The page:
Courts have no jurisdiction on disqualification matter: Speaker

Assembly Speaker K B Koliwad on Wednesday asserted his right to reserve his decision on the disqualification of seven rebel JD(S) legislators, quoting a Constitutional provision, as per which he said courts had no jurisdiction over the matter.

On March 19, Koliwad had reserved his order after hearing a petition filed by the JD(S), seeking disqualification of seven rebel legislators. The High Court, on Tuesday, requested the speaker to inform as to when he would pass the orders. Accordingly, Advocate General Madhusudan Naik met Koliwad to discuss the matter.

“I have reserved my order. I can give it now, in the evening, tomorrow or not give it at all,” Koliwad told reporters after meeting Naik. “The advocate general and I discussed legal aspects, including Constitutional provisions,” he added.

Koliwad said he had not received any communication from the High Court. “How can I take cognisance of what the court has said, when I have not received anything in writing?” he said.

He cited the the 10th Schedule of the Constitution – referred to as the anti-defection law – and said courts had no jurisdiction in the matter of disqualification. “Notwithstanding anything contained in the Constitution, no court shall have any jurisdiction in respect of any matter connected with disqualification,” he said, while reading out Rule 7 of the 10th Schedule.

Ahead of the Rajya Sabha polls scheduled on March 23, the JD(S) has sought disqualification of B Z Zameer Ahmed Khan, N Cheluvarayaswamy, A B Ramesh Bandisiddegowda, H C Balakrishna, Akhanda Srinivasamurthy, Iqbal Ansari and S Bheema Naik.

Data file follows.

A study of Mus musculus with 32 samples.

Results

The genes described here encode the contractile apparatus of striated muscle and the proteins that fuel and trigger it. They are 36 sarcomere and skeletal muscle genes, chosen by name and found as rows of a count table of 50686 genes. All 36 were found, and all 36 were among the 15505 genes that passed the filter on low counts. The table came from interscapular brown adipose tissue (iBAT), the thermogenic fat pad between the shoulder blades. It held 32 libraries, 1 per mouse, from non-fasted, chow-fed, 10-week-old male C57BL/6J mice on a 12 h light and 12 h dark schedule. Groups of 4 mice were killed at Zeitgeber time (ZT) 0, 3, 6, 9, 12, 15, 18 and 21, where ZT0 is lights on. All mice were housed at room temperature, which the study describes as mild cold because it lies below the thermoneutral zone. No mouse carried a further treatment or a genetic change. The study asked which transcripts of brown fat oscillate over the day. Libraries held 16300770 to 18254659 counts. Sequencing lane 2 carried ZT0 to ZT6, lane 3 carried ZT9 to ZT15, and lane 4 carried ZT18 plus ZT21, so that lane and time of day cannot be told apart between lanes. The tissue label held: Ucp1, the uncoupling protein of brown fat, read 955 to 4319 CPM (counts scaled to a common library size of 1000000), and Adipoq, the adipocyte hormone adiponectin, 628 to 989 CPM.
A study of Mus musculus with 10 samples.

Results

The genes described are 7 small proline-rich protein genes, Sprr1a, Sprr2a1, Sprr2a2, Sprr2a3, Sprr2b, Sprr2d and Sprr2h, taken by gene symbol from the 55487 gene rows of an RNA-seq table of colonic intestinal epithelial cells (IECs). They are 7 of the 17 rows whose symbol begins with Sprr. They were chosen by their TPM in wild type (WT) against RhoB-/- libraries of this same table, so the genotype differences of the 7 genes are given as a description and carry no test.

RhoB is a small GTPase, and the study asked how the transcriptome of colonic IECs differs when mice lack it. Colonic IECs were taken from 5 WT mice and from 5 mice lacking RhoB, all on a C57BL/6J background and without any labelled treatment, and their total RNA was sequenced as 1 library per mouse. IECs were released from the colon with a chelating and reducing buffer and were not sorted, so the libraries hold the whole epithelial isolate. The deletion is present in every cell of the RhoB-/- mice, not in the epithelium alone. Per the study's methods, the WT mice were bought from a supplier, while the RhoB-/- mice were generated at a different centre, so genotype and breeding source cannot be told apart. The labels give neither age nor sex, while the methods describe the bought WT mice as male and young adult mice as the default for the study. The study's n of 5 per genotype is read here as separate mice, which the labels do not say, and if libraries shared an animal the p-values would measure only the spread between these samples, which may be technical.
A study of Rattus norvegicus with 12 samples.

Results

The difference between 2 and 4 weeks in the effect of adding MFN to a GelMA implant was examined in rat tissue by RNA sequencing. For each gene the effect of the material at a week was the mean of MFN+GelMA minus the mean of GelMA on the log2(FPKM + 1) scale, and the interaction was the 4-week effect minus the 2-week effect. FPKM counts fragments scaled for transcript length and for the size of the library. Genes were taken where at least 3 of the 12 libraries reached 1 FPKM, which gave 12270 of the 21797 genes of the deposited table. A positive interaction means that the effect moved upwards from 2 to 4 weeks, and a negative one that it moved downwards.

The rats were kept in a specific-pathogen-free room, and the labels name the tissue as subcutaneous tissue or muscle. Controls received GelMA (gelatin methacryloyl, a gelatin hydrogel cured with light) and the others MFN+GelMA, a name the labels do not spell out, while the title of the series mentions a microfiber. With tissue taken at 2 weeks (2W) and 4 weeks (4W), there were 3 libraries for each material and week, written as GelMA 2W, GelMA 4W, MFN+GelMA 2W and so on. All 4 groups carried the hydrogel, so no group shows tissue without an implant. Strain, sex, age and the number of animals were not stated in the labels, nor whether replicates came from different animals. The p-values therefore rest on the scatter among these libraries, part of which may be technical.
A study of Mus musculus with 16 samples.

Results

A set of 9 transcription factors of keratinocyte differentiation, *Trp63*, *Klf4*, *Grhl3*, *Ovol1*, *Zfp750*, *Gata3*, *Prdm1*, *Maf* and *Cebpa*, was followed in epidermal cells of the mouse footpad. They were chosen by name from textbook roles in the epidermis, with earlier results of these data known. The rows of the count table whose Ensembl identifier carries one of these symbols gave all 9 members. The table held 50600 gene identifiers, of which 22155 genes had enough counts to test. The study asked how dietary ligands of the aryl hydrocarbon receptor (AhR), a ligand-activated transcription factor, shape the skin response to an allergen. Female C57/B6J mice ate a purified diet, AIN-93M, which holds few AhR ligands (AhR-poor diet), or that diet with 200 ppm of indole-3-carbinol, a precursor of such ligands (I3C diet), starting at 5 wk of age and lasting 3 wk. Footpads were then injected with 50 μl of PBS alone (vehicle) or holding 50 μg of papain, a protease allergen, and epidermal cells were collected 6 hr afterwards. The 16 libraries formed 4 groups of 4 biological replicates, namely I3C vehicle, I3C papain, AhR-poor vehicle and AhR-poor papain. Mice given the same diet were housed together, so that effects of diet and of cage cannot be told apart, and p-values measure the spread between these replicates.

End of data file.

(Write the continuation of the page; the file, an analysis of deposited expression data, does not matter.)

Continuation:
The ruling Congress is banking on the votes of these seven legislators to help its third candidate G C Chandrashekhar win in the Rajya Sabha polls.

Assembly Speaker K B Koliwad on Wednesday asserted his right to reserve his decision on the disqualification of seven rebel JD(S) legislators, quoting a Constitutional provision, as per which he said courts had no jurisdiction over the matter.

On March 19, Koliwad had reserved his order after hearing a petition filed by the JD(S), seeking disqualification of seven rebel legislators. The High Court, on Tuesday, requested the speaker to inform as to when he would pass the orders. Accordingly, Advocate General Madhusudan Naik met Koliwad to discuss the matter.

“I have reserved my order. I can give it now, in the evening, tomorrow or not give it at all,” Koliwad told reporters after meeting Naik. “The advocate general and I discussed legal aspects, including Constitutional provisions,” he added.

Koliwad said he had not received any communication from the High Court. “How can I take cognisance of what the court has said, when I have not received anything in writing?” he said.

He cited the the 10th Schedule of the Constitution – referred to as the anti-defection law – and said courts had no jurisdiction in the matter of disqualification. “Notwithstanding anything contained in the Constitution, no court shall have any jurisdiction in respect of any matter connected with disqualification,” he said, while reading out Rule 7 of the 10th Schedule.

Ahead of the Rajya Sabha polls scheduled on March 23, the JD(S) has sought disqualification of B Z Zameer Ahmed Khan, N Cheluvarayaswamy, A B Ramesh Bandisiddegowda, H C Balakrishna, Akhanda Srinivasamurthy, Iqbal Ansari and S Bheema Naik.

The ruling Congress is banking on the votes of these seven legislators to help its third candidate G C Chandrashekhar win in the Rajya Sabha polls.